I'm not sure what your expectation is for the traction control (TC) and ABS systems. If you're thinking it's going to be like AWD, you'll probably be disappointed. In general, TC limits the slip of the drive wheels (front on the Corolla) during take-off and acceleration by electronically limiting the engine power/torque to those wheels. It does not provide traction that was never there due to ice or other slippery conditions. Similarly, ABS will prevent individual wheels from locking up due to lack of traction during braking but cannot perform magic if the conditions are such that very little traction/friction is available (such as on ice). The ABS will start to engage as soon as one or more wheels start to lock up. If you happen to be on ice or other very slippery surface, all the wheels may be slipping and the ABS will have the effect of locking/unlocking each wheel repeatedly which will make it seem like all the wheels are locked and sliding (which they are for all intents and purposes). As drivers in very cold snowy climates will tell you, the only real solution for ice is studs or chains but these solutions can make dry road driving more dangerous (or impossible in the case of some chains). At the very least, winter-specific tires are ideal for these conditions, but not so great on pavement which is dry or just wet.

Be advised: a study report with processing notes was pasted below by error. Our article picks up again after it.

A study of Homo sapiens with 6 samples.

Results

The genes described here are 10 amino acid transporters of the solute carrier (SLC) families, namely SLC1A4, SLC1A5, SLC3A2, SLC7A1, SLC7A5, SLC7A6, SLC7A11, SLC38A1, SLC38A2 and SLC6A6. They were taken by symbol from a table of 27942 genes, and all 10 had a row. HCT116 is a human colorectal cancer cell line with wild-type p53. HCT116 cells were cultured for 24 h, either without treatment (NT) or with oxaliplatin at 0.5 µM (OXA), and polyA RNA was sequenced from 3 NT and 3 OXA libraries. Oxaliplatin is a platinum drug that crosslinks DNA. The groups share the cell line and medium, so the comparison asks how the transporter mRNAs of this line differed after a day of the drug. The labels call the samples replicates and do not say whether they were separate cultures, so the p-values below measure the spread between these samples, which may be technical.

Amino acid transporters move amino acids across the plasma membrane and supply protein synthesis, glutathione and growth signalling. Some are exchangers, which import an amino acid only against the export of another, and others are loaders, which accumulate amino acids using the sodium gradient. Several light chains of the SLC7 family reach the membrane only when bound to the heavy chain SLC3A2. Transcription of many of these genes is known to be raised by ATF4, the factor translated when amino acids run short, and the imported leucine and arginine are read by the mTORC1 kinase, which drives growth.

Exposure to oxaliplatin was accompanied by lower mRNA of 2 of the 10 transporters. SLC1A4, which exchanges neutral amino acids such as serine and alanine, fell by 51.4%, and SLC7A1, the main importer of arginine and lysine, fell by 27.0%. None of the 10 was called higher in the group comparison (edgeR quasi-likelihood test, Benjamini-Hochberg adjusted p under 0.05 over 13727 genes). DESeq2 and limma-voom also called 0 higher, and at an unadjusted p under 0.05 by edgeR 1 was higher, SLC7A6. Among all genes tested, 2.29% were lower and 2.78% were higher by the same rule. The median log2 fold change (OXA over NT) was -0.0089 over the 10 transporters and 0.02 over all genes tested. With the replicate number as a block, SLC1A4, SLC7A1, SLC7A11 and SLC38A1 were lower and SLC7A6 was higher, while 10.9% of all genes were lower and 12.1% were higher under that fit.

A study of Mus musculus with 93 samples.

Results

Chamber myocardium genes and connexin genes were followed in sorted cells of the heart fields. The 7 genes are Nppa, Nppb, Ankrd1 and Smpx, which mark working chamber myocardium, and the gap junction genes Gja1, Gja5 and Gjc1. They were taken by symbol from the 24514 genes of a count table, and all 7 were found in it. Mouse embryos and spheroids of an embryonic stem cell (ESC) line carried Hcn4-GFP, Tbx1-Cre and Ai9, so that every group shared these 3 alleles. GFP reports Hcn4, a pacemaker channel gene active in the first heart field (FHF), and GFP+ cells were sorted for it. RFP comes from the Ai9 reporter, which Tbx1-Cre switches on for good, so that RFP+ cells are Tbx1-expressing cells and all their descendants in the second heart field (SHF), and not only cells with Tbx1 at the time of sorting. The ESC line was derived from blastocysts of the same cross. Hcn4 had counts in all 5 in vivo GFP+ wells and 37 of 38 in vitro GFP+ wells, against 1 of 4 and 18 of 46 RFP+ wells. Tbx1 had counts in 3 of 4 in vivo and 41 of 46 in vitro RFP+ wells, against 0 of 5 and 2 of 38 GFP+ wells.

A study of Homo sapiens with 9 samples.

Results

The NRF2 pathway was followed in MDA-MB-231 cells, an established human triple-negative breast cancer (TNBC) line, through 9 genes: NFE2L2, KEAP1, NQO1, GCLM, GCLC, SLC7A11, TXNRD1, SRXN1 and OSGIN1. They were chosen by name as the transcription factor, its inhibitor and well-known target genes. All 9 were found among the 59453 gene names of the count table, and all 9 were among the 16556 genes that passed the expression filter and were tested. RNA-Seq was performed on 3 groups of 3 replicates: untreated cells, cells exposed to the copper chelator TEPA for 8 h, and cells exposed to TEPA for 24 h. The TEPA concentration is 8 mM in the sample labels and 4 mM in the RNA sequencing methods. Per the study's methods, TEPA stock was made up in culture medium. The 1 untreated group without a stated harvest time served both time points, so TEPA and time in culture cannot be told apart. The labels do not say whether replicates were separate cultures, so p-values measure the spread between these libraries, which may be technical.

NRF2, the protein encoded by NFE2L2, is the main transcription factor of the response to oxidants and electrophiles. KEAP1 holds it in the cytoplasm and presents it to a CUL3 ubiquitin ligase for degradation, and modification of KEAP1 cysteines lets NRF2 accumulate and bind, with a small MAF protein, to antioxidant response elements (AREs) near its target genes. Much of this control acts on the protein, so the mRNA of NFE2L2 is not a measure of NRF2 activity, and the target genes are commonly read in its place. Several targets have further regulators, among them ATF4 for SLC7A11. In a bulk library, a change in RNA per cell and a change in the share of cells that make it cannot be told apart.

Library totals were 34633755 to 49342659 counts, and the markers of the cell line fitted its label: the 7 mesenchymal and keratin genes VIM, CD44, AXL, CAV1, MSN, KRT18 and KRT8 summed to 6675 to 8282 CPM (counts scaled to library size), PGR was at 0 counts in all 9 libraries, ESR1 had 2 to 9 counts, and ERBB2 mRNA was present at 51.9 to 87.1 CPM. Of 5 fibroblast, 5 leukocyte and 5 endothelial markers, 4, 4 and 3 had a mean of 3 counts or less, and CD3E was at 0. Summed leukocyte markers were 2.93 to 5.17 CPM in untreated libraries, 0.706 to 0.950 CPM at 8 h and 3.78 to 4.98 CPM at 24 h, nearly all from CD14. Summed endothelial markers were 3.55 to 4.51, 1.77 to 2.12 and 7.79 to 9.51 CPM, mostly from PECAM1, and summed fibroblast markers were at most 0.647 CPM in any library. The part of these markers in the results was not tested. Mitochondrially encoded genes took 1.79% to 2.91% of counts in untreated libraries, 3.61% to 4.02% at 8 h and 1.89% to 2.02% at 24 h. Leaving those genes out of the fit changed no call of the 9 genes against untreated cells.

One major factor in all of this is your tires. Modern all-season tires are, at best, a compromise and they vary widely in quality and performance (especially in snow/ice). Unfortunately, Toyota has a history of putting relatively low cost/low performance all-season tires on Corollas. So, if you have a tire with poor wet/snow/ice grip to start with, it will have the effect of reducing the performance of the TC and ABS dramatically. In fact, with very poor tires, the TC and ABS will both engage much sooner and more suddenly than they would with a better tire.
The OE tires on our daughter's 2009 Corolla (with the TC/ABS option) were so poor for both wet and dry traction that we replaced them almost immediately when the car was new with higher quality/performance all-season tires.
Hope all of this helps explain what may be going on. As I said above, a new set of good all-season tires might solve most of your concerns if they're in your budget.